When Do Appliance Upgrades Make Sense?

For major appliances, comparing the EnergyGuide label is the best way to find the cost of using them. Based on the purchase price, you can calculate which one provides the best return.
The most efficient one is not always the best buy from a payback standpoint, but there are other factors to consider. Some people are concerned about the environmental impact of appliances, so they are willing to spend extra for the most efficient models. Choosing an Energy Star® model is a good choice.

To do a proper payback analysis, you must determine the annual operating cost of using an appliance. You may have the old EnergyGuide label, or you may find it on the internet. But remember, these are only averages. If you are already energy conscious, your operating costs are likely on the low side, so savings from installing a new appliance will be lower than Guide figures.

The easiest way to calculate this cost is to download the “Save Energy, Save Money” app from TogetherWeSave.com, which offers several home appliance calculators to help compare the cost of different appliances sizes, styles and ages, and a “Home Tour” to learn about saving energy.

Another way is to find the wattage rating on the nameplate. Divide it by 1,000 and multiply the result by your $/kwh electric rate to get the operating cost-per-hour. If the nameplate lists amperage, multiply it by 120 to figure the watts. For appliances with a thermostat, reduce the operating cost by about 50 percent.

The rate of efficiency improvements and meaningful new features in major appliances is slowing, so don’t wait if you really need a new one. An exception is TVs, as their prices are constantly dropping, and features and quality improving.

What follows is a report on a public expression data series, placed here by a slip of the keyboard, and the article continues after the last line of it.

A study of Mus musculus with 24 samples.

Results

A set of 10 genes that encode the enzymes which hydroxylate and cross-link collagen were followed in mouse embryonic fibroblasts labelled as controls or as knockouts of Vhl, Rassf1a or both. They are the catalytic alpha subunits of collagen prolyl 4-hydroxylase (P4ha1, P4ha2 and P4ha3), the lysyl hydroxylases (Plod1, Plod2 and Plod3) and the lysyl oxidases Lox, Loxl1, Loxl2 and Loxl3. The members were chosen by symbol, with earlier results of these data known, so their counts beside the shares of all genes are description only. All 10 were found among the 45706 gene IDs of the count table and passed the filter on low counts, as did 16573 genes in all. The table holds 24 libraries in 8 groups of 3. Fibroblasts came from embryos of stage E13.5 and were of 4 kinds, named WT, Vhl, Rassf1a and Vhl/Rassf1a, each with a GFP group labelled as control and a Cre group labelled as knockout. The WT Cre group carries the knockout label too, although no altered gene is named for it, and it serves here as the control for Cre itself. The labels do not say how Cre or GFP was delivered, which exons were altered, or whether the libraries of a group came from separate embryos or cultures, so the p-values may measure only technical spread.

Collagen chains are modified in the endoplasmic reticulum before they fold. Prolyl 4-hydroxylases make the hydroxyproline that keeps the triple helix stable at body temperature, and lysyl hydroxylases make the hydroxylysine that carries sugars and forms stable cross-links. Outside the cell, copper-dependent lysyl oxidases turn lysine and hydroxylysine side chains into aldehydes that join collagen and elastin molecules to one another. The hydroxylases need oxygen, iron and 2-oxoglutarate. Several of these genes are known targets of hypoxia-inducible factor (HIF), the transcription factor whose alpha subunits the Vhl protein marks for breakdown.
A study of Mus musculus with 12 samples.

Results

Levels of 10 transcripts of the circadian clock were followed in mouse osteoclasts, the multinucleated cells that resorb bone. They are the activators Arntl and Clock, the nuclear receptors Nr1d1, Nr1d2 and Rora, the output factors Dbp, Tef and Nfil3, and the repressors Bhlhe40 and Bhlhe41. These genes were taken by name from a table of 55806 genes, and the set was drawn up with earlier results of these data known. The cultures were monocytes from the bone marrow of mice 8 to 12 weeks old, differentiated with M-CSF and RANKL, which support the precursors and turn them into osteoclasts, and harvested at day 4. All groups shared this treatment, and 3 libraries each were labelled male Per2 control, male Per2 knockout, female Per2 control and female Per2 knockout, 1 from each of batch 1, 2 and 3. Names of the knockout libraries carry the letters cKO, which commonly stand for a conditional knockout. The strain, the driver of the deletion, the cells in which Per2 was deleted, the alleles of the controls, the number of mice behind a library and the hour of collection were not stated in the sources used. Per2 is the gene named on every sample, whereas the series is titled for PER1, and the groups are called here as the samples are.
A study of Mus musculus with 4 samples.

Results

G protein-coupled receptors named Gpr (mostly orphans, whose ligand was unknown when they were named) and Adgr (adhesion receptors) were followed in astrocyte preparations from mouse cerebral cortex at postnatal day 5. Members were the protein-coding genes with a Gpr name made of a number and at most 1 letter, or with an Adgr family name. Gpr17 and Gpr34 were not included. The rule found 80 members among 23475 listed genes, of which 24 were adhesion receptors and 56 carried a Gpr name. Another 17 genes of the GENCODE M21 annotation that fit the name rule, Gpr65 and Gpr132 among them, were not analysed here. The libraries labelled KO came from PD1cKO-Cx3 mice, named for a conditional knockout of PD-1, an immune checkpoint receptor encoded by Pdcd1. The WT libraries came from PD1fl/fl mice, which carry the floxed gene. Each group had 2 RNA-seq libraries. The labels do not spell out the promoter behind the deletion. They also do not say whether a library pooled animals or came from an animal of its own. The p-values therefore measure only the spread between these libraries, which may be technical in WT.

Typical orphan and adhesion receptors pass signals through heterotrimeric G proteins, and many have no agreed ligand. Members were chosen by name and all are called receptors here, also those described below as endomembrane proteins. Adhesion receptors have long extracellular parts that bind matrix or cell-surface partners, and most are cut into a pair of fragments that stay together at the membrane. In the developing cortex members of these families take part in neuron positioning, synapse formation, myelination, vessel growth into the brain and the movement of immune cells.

In general though, keep older appliances about 10 years, or until they need expensive repairs. If you use them as seldom and as efficiently as possible, they will not cost a lot more to use than a newer one. Even for a refrigerator, which runs constantly, your usage habits can really influence electricity consumption.

If you have a large family and do much laundry, that cost includes the water cost, and heating it. Upgrading your water heater, to perhaps a heat pump model, will reduce your dishwashing, bathing and laundry costs.

New front-loading washers are more energy efficient than top-loaders since they require less heated water (and less detergent). They also have a faster spin cycle, which extracts more water, so the dryer runs less.

For a new dishwasher, make sure it has a built-in water “pre-heater.” This allows you to set your water heater temperature lower without sacrificing the cleaning power of hotter water. Select a model with many cycles, so you can target the cycle length to each load’s requirements.

Just like a house, a smaller refrigerator has less interior space to cool, so uses less electricity. Don’t go to extremes on the small size, though. If you have to keep the door open to hunt for what you want, more energy is wasted than saved. Energy Star refrigerators use about one-half the energy of 10-year old models.

In new ranges, the energy efficiency of various models doesn’t vary much. Convection ovens bake faster, so they use less electricity for some foods. Induction units lose less heat to the room air, so electricity use is somewhat less. The best way to save is to use the microwave or other small countertop appliances whenever possible.